1 January 2016

From The New York Times:

Downton Abbey — the country house, if not the wildly popular PBS drama — begins the show’s final season on Sunday night in a depleted state. Servants are not being replaced, and Robert Crawley, the Earl of Grantham, is hinting that further reductions may be needed. Upstairs, both Tom Branson and Rose MacClare (now Lady Rose Aldridge) have sailed for America, taking with them some of the show’s energy and audience good will. When the Granthams gather in the morning, it’s a sad showing, just Robert, Mary and Edith around a small table.

Beneath the melodrama, the withering put-downs and the fetishism of period décor and costumes, “Downton Abbey” has more or less consistently been about the end of a way of life. In Season 6, the show’s creator and writer, Julian Fellowes, homes in on that theme in one story line after another. While Robert and his daughter Mary fight to keep the estate profitable, his wife, Cora, and his mother, the formidable dowager countess Violet, squabble over modernizing the local hospital. Edith’s focus shifts to London and the magazine she has inherited. Daisy, the increasingly radicalized assistant cook, risks her job standing up for the rights of her tenant-farmer father-in-law.

. . . .

This spotlight on the evolution of British society and the fate of Downton — working estate or future National Trust museum, with a few descendants living in the rafters — gives the early episodes a vitality and focus that haven’t been present since, arguably, Season 1. Then, too, Mr. Fellowes had a sturdy plot device: the entail, or requirement of a male heir, which drove the story through several seasons, even as the subplots became less interesting and the ratio of witty banter to wooden exposition began to shift.

The Crawleys’ need to dredge up a presentable male relative also resulted in the show’s most interesting and multidimensional character, Matthew, ably played by Dan Stevens. Matthew gave the story some depth and emotion, until Mr. Stevens’s departure led to the fatal auto accident that ended the third season and sent fans into an uproar.

. . . .

 But one person’s tepid and implausible drama can be another person’s — or 10 million people’s — enjoyable soap opera, and “Downton” has been the most popular scripted show in PBS history. Some of this can be attributed to its grand locations and glowing cinematography, and doubtless a number of viewers find satisfaction in a story in which good manners matter greatly and small questions of ethics are debated to a fare-thee-well. Actors like Hugh Bonneville (Robert), Jim Carter (Mr. Carson) and Phyllis Logan (Mrs. Hughes) also brought more subtlety and texture to their characters than was necessarily there on the page.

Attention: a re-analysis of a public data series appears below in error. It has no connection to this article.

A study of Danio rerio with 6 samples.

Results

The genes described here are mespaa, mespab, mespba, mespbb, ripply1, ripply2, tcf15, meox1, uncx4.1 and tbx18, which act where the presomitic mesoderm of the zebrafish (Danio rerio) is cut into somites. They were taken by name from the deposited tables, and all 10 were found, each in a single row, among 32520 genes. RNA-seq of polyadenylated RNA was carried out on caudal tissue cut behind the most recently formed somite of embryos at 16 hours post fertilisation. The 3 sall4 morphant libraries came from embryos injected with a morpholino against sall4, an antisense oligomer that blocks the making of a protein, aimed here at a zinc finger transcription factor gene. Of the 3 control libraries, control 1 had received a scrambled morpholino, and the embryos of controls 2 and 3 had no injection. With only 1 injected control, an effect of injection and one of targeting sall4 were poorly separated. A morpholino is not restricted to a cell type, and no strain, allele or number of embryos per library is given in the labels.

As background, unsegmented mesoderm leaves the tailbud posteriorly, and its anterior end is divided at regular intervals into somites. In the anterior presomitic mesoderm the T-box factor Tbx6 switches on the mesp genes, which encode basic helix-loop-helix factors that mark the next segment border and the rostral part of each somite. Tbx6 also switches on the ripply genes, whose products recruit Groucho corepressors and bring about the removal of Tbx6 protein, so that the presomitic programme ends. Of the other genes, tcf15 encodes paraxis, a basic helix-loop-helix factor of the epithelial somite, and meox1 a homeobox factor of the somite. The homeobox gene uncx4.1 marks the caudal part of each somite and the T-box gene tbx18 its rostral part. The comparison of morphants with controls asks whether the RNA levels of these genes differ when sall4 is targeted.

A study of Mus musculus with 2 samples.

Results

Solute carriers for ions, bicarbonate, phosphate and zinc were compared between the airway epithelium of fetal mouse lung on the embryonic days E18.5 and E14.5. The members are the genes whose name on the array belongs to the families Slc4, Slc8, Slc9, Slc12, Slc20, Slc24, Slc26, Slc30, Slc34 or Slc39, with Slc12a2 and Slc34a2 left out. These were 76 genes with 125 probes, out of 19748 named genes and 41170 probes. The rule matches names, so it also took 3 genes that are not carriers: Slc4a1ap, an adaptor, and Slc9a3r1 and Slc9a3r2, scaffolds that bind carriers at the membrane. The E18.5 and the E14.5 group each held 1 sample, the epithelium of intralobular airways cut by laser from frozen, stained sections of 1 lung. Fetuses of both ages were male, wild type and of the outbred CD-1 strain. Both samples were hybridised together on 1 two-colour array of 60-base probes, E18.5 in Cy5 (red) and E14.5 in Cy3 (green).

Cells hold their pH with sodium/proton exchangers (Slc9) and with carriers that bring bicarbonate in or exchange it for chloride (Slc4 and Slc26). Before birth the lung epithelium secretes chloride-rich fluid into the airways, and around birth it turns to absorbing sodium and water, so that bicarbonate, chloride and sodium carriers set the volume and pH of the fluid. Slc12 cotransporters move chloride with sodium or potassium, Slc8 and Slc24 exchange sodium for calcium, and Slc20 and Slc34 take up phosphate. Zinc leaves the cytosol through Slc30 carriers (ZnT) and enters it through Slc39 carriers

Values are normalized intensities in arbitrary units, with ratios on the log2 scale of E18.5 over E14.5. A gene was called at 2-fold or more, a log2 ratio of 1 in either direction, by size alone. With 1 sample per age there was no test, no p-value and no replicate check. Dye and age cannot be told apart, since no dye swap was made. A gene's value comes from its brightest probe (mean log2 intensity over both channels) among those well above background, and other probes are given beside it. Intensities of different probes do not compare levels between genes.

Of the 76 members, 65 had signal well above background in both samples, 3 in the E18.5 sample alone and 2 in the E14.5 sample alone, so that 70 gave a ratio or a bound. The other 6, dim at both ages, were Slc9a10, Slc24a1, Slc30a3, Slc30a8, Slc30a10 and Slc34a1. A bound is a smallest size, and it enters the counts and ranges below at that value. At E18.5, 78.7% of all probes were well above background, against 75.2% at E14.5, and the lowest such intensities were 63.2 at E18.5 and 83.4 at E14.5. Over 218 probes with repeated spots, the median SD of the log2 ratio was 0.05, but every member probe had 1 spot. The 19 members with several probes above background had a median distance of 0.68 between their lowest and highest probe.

Link to the rest at The New York Times


  1. Gee, almost sounds like ‘The New York Times’, slowly winding down as the staff leaves and isn’t replaced and people notice/refer/trust it less and less …

  2. We watched Season 6 all the way to the finale this Christmas, and it was fantastic. That series was a really good piece of writing, and it did a picture-perfect denouement. 🙂

  3. We’ve watched all of it too. The Christmas special was excellent. Very satisfying. We’ll miss it so much. Although we’ve got a mega dramatisation of War and Peace starting on BBC TV in a couple of days!

  4. We’re big Downton Abbey fans in this house too. At first it was the draw of the upcoming WW1 drama, but then I sort of just liked (or liked to hate) the characters. I’ll be sorry to see it go.

  5. And let’s not forget the very fine actors as well as the production. A superior show, regardless of what the critic has to say. We don’t get good stuff like that in the U.S.

  6. Never cared for depictions of service as a jolly and benevolent patriarchy.

    • Well of course it wasn’t always jolly and benevolent. But just as when I was a student and doing vacation jobs in hotels, it was far better to work in a big hotel where you had a role and did it, than skivvying day and night in a small hotel with not enough staff, I think it was generally better to be a member of staff in a huge house like Downton rather than a maid-of-all-work for a skinflint middle class household! Many years ago there was a superb series on UK television called The Victorian Kitchen, presented by an elderly woman who had been a cook back in thirties England. One of the things that stuck in my mind about it was that because of the shortage of servants, jobs were reasonably easy to come by. She remarked in the course of one of the programmes that ‘if you didn’t like where you were, you just pottered off and found somewhere else’ – which she seemed to have done several times. And you were indisputably better off in service than you were – like my forebears – as lead miners in the Yorkshire Dales!

  7. Presented Mrs. D.C. with Christmas tickets for Dressing Downton in Chicago.

    Thought it was an odd gift but she wanted it.

    Dan

    Now, I’m kinda, sorta, maybe looking forward to it.